Contact: Helen Henrichs, 781-891-2277, email@example.com
March 24, 2014
“Wicked good” cookies are on the menu for Bentley University students who are finding ways to boost retail sales for Kidz b Kidz, a nonprofit that brings children together to create art to benefit sick children. Things got creative as students designed artwork that was featured on cookies sold by KBK partner Wicked Good Cookies at Bentley’s Black United Fashion Show in early March.
Artwork aside, students in the Integrated Business Project course are developing a business plan for KBK that addresses marketing, operations and finance operations that they will present to company executives.
“Students are cultivating ideas to promote online sales and identify retailers that are a good fit,” says John Shepherd, senior lecturer in economics. “A lot of their focus is on the use of social media and branding.”
They are also helping ensure consistency between the mission statement and actual business model, given KbK’s two-fold strategy to develop empathy in young people and to raise money for children’s disease research.
Forming student teams that include a mix of talent has proven benefits for both learning and business development.
“The collaboration of many majors helps create ideas within group members and helps each student to think outside of their expertise,” says Bentley junior Simone Silvera. “It has been very insightful to work with a group of students with such strong and intelligent ideas. I am an Accounting major, so it is very helpful to have students who study the marketing movements of companies.”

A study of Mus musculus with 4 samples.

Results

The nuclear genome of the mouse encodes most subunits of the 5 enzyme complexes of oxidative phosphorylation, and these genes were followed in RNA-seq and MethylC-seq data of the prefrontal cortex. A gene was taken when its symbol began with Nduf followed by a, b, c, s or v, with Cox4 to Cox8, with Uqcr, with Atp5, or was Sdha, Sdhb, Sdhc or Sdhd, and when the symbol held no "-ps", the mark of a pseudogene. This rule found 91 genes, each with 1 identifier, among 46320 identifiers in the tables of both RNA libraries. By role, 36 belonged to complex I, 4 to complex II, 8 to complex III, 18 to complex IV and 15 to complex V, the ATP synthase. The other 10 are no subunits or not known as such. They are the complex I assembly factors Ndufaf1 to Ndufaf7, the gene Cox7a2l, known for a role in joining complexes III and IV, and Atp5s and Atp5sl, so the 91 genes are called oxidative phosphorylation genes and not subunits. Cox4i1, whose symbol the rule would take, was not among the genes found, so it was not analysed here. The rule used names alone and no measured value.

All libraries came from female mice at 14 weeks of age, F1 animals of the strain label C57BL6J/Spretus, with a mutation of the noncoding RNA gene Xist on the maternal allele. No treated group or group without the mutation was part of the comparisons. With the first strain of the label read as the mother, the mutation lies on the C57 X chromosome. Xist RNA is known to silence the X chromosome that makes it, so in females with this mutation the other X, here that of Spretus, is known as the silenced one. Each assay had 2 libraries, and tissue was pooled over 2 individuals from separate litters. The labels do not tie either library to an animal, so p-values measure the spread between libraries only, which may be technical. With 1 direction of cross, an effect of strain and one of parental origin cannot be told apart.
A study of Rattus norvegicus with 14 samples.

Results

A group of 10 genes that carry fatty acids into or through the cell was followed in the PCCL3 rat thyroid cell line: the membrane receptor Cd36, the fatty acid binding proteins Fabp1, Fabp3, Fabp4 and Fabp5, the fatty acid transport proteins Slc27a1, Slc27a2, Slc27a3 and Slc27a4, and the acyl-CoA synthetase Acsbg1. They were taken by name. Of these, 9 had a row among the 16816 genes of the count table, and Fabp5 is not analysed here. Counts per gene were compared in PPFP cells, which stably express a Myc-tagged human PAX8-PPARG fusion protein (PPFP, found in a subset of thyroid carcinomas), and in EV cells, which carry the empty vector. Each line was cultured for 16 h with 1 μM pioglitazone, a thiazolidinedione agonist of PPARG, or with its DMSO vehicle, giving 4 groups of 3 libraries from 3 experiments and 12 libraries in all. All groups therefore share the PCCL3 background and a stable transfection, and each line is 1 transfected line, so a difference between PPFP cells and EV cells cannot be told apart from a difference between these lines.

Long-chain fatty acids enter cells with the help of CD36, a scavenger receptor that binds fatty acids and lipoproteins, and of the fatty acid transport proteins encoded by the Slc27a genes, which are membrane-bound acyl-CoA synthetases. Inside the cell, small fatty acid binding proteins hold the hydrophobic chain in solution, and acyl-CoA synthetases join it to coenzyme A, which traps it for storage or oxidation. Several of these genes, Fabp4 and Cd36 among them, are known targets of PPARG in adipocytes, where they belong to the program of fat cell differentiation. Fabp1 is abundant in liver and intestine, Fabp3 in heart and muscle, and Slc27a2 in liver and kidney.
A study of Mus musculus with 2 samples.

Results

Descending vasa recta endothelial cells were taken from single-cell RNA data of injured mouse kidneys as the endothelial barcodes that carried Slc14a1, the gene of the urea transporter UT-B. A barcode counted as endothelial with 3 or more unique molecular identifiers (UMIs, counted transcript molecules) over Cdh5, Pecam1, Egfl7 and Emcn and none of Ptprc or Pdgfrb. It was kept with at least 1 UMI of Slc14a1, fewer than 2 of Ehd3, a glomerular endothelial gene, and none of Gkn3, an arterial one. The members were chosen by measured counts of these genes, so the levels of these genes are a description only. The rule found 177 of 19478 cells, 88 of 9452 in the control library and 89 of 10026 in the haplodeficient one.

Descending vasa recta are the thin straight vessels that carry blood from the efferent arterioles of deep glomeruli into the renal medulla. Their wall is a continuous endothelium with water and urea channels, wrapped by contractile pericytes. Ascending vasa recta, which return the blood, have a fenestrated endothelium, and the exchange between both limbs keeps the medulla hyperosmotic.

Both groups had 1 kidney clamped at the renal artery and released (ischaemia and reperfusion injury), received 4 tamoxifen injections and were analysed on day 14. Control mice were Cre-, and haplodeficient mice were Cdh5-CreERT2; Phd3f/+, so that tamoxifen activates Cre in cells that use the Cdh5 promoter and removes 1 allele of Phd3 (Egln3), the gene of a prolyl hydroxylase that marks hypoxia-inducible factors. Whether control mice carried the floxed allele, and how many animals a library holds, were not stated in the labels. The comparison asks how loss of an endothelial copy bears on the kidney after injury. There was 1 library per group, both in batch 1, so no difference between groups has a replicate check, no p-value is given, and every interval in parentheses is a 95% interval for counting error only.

Silvera’s experience with KBK and Wicked good Cookies took on an extended role. As director of the Black United Body's Annual Fashion Show — which features various designers and vendors from all over the Northeast area — she created an anti-bullying theme to raise awareness of events that affect not only students and young people, but people in work environments, at home and at school.
“My goal was to have long-lasting impact over students and people all over Boston,” she observes. “I brought KBK on as a vendor to sell Wicked Good Cookies products not with pictures of empathy, but pictures of love, peace and hope — all signs of anti-bullying.”
Shepherd says he is not surprised by the high level of student engagement. “Millennials have a higher likelihood to both buy cause products and volunteer in cause programs. For some students the project has even sparked an interest in careers in cause marketing and the non-profit sector.”